A Thousand Years of Good Prayers by Yiyun Li

A Thousand Years of Good Prayers - Yiyun LiIn A Thousand Years of Good Prayers by Yiyun Li we have the theme of friendship, culture, freedom conflict, identity and pride. Narrated in the third person by an unnamed narrator the reader realises after reading the story that Li may be exploring the theme of culture. Baba is somewhat lost while he is staying with his daughter in America. There is the problem of the language barrier. Particularly with his regular companion in the park, the Iranian woman. It is unclear really as to whether either Baba or the Iranian woman understand each other. Though this does not stop them from having a friendship. Though again the reader is unsure as if either person fully understands the other. Which may be the point that Li is attempting to make. She may be suggesting that language can have its difficulties. Difficulties that have brought misfortune onto Baba. While working as a rocket scientist. Baba had a platonic relationship with another woman which was based on how they both thought. Unfortunately due to the regime that existed at the time in China. Baba’s actions were deemed to be inappropriate and as such he was demoted from his position as a rocket scientist. Though he never advised his family.

The fact that Baba’s daughter tells him that she knew he wasn’t a rocket scientist is interesting as she appears to be using this information to green light her own relationship with the Romanian man. Baba finds it difficult that his daughter is the instigator or the one responsible for her divorce from her husband which may leave some readers to suggest that Baba’s daughter simply acted independently of her husband. With the marriage obviously being unhappy for her. The fact that the story is set in America might also be important as Li could be suggesting that in America a person is allowed to be whom they want to be. Something that is clearer when it comes to both Baba’s daughter and the Iranian woman. Who has an independent style of dressing herself. Something which would be the opposite of the environment that Baba grew up in. Baba also takes great pride in the fact that he is a rocket scientist and likes the praise he receives from others when they discover that he was a rocket scientist. Even if it was only for a short period of time.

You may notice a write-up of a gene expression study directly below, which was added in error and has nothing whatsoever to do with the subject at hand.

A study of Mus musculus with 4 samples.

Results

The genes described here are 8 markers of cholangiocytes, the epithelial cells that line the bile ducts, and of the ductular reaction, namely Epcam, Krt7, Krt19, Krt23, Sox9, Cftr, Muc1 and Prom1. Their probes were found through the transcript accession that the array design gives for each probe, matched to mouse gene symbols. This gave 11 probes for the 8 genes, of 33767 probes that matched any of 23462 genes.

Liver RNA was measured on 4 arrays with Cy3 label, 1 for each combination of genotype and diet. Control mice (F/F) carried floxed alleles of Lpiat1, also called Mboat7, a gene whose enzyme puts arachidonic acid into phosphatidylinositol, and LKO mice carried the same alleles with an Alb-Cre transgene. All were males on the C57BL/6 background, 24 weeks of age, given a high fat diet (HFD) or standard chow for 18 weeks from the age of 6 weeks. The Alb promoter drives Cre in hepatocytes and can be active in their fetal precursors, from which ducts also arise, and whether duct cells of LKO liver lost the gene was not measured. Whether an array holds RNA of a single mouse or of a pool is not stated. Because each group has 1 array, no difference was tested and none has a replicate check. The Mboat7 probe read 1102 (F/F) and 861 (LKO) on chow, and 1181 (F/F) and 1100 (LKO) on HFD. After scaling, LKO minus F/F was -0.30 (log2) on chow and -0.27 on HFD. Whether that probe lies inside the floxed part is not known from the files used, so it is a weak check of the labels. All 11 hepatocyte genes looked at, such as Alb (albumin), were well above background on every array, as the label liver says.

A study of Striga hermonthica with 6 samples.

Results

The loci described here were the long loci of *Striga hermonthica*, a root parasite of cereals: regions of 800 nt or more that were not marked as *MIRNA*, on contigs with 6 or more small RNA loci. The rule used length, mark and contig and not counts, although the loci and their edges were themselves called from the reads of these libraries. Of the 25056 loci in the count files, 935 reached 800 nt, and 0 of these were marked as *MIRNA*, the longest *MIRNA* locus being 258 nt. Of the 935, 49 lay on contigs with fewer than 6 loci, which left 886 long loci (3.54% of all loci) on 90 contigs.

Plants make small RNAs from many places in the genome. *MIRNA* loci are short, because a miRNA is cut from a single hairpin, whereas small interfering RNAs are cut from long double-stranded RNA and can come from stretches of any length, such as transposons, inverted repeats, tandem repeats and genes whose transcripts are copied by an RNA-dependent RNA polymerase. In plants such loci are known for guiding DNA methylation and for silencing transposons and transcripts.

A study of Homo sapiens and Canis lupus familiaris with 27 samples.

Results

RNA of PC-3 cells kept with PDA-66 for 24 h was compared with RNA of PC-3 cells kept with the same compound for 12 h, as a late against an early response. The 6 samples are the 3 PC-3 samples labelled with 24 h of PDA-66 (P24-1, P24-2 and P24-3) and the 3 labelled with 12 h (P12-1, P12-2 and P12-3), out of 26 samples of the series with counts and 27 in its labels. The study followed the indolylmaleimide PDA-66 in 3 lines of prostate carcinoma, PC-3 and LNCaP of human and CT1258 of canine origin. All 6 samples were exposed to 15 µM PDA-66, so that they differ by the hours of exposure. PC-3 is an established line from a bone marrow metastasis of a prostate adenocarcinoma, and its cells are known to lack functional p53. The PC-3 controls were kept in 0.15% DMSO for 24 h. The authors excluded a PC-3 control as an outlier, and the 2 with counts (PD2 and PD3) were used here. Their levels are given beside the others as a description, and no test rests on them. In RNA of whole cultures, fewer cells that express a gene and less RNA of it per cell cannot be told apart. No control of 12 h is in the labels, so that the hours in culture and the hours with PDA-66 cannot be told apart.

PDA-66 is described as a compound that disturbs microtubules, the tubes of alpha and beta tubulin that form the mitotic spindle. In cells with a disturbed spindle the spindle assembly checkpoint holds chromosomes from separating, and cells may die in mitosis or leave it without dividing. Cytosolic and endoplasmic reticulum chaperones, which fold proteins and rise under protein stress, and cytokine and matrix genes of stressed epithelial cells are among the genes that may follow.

The conflict that exists between Baba and his daughter is also interesting as it appears to be based on different beliefs when it comes to culture. Baba’s daughter does not see that she has done anything wrong. However Baba makes comparisons to the fact that his daughter has acted like a prostitute. This alone is sufficient to cause an argument between Baba and his daughter. However Li shifts the reader’s attention to the theme of identity with Baba’s daughter telling Baba that she is aware that he was not a rocket scientist. Something which Baba has always prided himself on. It is as though just as Baba feels his daughter has been living a deceitful life. So too does Baba’s daughter think Baba has been deceitful. Something which Baba is not prepared to admit as he does not feel as though he has done anything wrong. Again his relationship with the woman in work was platonic. Though it did cost him a job that he loved. In many ways Baba and his daughter are the same. When Baba was young he was quiet just as his daughter is and just as Baba feels he did no wrong by talking to the woman in work. Baba’s daughter likewise does not feel as though she is doing anything wrong by being in a relationship with the Romanian man.

The end of the story is also interesting as Baba decides upon being honest to the Iranian woman about his job. However due to the language barrier the reader can’t be certain as to whether she understands what Baba has said to her. Though there is a sense that Baba feels deflated and as soon as his tour is over he wishes to return to China. Which may leave some readers to suggest that Baba is leaving America with a bad taste in his mouth due to the conversation he had with his daughter. Two different generations think differently about how they should live their lives with no sense that either is prepared to give the other any common ground. Which may be the point that Li is making. She may be suggesting that with a change in culture comes a change in one’s outlook on life. Baba having lived all his life in China. He feels and thinks one way while his daughter who is Americanized thinks and acts differently. She feels it is important to have the freedom to live her life as she sees fit. Whereas Baba may take on a more traditional approach.

Cite Post
McManus, Dermot. "A Thousand Years of Good Prayers by Yiyun Li." The Sitting Bee. The Sitting Bee, 2 Oct. 2018. Web.